David and I are back with another episode of The Eclipse Viewer, the podcast dedicated to the Criterion Collection’s Eclipse Series of DVDs.
In this episode, we talk about Eclipse Series 30: Sabu!
This is, to date, the only Eclipse Series that is focused on an actor, and Sabu is worthy of the distinction. Sabu was a child star of the 1930s, and his story is incredible: an orphaned elephant handler, he was discovered by documentary filmmaker Robert Flaherty, who was scouting around India for footage for his new project with the Korda crew. Sabu was only eleven.
Elephant Boy (1937), based on Rudyard Kipling’s story “Toomai of the Elephants,” a delightful adventure story that is also slightly weighed down by its colonialist mentality. Regardless of any weaknesses the film contains, it’s easy to see why Sabu became a star.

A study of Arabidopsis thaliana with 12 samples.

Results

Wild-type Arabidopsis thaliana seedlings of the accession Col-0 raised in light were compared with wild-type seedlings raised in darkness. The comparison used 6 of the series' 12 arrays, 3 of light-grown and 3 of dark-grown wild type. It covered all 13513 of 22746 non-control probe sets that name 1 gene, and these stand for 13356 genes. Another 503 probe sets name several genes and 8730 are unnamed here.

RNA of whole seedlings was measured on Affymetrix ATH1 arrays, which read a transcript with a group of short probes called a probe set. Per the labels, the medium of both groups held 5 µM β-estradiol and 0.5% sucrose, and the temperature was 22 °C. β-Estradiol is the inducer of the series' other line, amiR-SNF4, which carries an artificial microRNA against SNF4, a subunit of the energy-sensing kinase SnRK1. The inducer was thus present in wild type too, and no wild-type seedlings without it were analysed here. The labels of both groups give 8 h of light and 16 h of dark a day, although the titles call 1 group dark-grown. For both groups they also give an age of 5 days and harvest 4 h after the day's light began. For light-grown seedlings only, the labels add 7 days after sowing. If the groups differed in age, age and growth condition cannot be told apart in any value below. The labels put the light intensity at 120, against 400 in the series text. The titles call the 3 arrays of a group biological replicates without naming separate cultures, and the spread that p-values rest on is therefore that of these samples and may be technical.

If the colonialist mentality weighs down Elephant Boy, it crushes the second film in the set: The Red Drum (1938). Which isn’t to say the film isn’t worth watching and discussing, because it certainly is, and not only because it’s an early film for one of my favorite actors, Roger Livesey.
Jungle Book (1942) is the last film in the set (though in our discussion we do touch on The Thief of Bagdad (1940) to get there). The film may suffer a bit for being too mannered, especially in contrast to the authentic natural world captured by Robert Flaherty in Elephant Boy, but it is visually stunning. And, as with the others, we are in awe at the young man in the center role.
These films come from a different time, and it shows. It must be said, though, that they stirred up controversy even in the 1930s. Indeed, when The Drum was shown in India, it caused protests. The times were changing, quickly, and these films are important pieces of that history.
Please find the podcast, the shownotes, and plenty of links over at CriterionCast here.
In the next episode of The Eclipse Viewer, David and I will be discussing Eclipse Series 25: Basil Dearden’s London Underground, covering these four films: Sapphire (1959), The League of Gentlemen (1960), Victim (1961), and All Night Long (1962).